Review:The Brilliant Death by Amy Rose Capetta

Yay! Another book off my November TBR. Honestly, I am so proud of me.

I am really glad that I decided to pick this one up because it was so, so worth it.


So, if you’re curious to know what it is about, here is the synopsis:

For Teodora DiSangro, a mafia don’s daughter, family is fate.

All her life, Teodora has hidden the fact that she secretly turns her family’s enemies into music boxes, mirrors, and other decorative objects. After all, everyone in Vinalia knows that stregas—wielders of magic—are figures out of fairytales. Nobody believes they’re real.

Then the Capo, the land’s new ruler, sends poisoned letters to the heads of the Five Families that have long controlled Vinalia. Four lie dead and Teo’s beloved father is gravely ill. To save him, Teo must travel to the capital as a DiSangro son—not merely disguised as a boy, but transformed into one.

Enter Cielo, a strega who can switch back and forth between male and female as effortlessly as turning a page in a book. Teo and Cielo journey together to the capital, and Teo struggles to master her powers and to keep her growing feelings for Cielo locked in her heart. As she falls in love with witty, irascible Cielo, Teo realizes how much of life she’s missed by hiding her true nature. But she can’t forget her mission, and the closer they get to the palace, the more sinister secrets they uncover about what’s really going on in their beloved country—and the more determined Teo becomes to save her family at any cost.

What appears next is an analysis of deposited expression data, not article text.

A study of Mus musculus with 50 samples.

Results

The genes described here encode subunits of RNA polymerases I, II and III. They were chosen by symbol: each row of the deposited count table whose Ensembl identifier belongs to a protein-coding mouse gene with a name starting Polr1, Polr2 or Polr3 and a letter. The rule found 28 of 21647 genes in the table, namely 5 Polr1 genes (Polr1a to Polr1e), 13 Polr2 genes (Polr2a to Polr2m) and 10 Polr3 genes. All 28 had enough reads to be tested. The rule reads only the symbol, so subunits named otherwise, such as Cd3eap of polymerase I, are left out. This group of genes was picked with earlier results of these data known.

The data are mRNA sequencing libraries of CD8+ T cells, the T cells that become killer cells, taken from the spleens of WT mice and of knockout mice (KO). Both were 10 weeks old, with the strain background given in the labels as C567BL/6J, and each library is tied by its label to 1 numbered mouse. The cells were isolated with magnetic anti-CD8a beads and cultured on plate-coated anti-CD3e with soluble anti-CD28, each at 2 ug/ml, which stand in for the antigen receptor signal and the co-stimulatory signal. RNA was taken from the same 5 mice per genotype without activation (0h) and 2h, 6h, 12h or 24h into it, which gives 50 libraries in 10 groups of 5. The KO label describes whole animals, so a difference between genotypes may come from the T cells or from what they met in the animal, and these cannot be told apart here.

This book really had me at the first page. The whole mafia vibe? Yes. A bad ass heroine that really cares about her family? Yes.

The story takes us with Teo as she journey to meet the person who has poisoned her father in hopes of revenge and also an antidote. She journeys with both her younger brother Luca and Cielo, another strega who has mastered his/her powers and is able to shift bodies and forms. From there the plot unfolds into one of magic, politics and romance.

The romance was a huge part of why I enjoyed this book. The scenes between Cielo and Teo really got me flustered and wanting more. Another thing was just how well the magic system was built. It was so unique and also not too complicated to the point where you just end up skimming through all the descriptions.

Basically I said yes to everything in this book. I loved the plot and how the book tackled issues like feminism and gender fluidity with such ease. However, this book wasn’t perfect and was in the end a four star read because it just didn’t have that five-star “wow” factor and most of the plot was quite easily predictable for me.

Overall, it was an enjoyable read, that I  definitely recommend for anyone looking to read something this November.